TYLER, TX (KLTV) - If the government shutdown continues, millions of low-income families who depend on the Supplemental Nutrition Assistance Program, or SNAP, could have a harder time buying food; that includes, people in East Texas.
“The SNAP program is funded and running it’s funded through January, there’s about $3 billion worth of reserves left," East Texas Food Bank CEO Dennis Cullinane said.
But this could change. A big question surrounding the shutdown concerns the country’s food stamp program known. According to the U.S. Department of Agriculture over 38 million Americans depend on food stamps.
“If the worst case happens and the funding runs out all I know right now is that we’re going to have a tremendous amount of pressure put on our pantries," he said.
Leaving local food banks to pick up the pieces and Cullinane said they are ready.
“We’re really about impact and we’re ready to respond to it best we can like," he said. "There’s a tremendous amount of meals that are moved through the SNAP program and you really can’t fill all the gaps with pantries and food banks but we’re going to give it our best shot.”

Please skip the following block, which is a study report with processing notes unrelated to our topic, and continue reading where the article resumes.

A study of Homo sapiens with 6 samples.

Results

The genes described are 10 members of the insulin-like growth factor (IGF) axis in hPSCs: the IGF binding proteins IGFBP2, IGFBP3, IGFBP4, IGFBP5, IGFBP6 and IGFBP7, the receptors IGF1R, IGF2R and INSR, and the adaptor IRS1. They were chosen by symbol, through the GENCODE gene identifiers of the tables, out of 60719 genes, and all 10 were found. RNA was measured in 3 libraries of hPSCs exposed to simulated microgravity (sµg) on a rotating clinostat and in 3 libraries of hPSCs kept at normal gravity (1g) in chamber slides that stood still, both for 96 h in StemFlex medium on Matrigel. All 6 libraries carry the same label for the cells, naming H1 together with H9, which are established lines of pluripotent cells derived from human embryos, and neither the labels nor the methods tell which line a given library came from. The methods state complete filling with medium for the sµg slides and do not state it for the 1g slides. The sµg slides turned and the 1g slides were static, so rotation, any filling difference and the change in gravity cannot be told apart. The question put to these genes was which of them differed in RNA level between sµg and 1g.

The East Texas Food Bank feeds hundreds of thousands of people each year with the help of various organizations.
“The food stream with the East Texas Food Bank comes from a myriad of food streams," he said. "We get food from USDA which is shut down.”
The food bank is still stocked with plenty of food, but even if the shutdown ends soon the organization will be affected.
“You won’t see the USDA foods affected immediately, but once the government shutdown is resolved, there’s going to be a lag period," he said.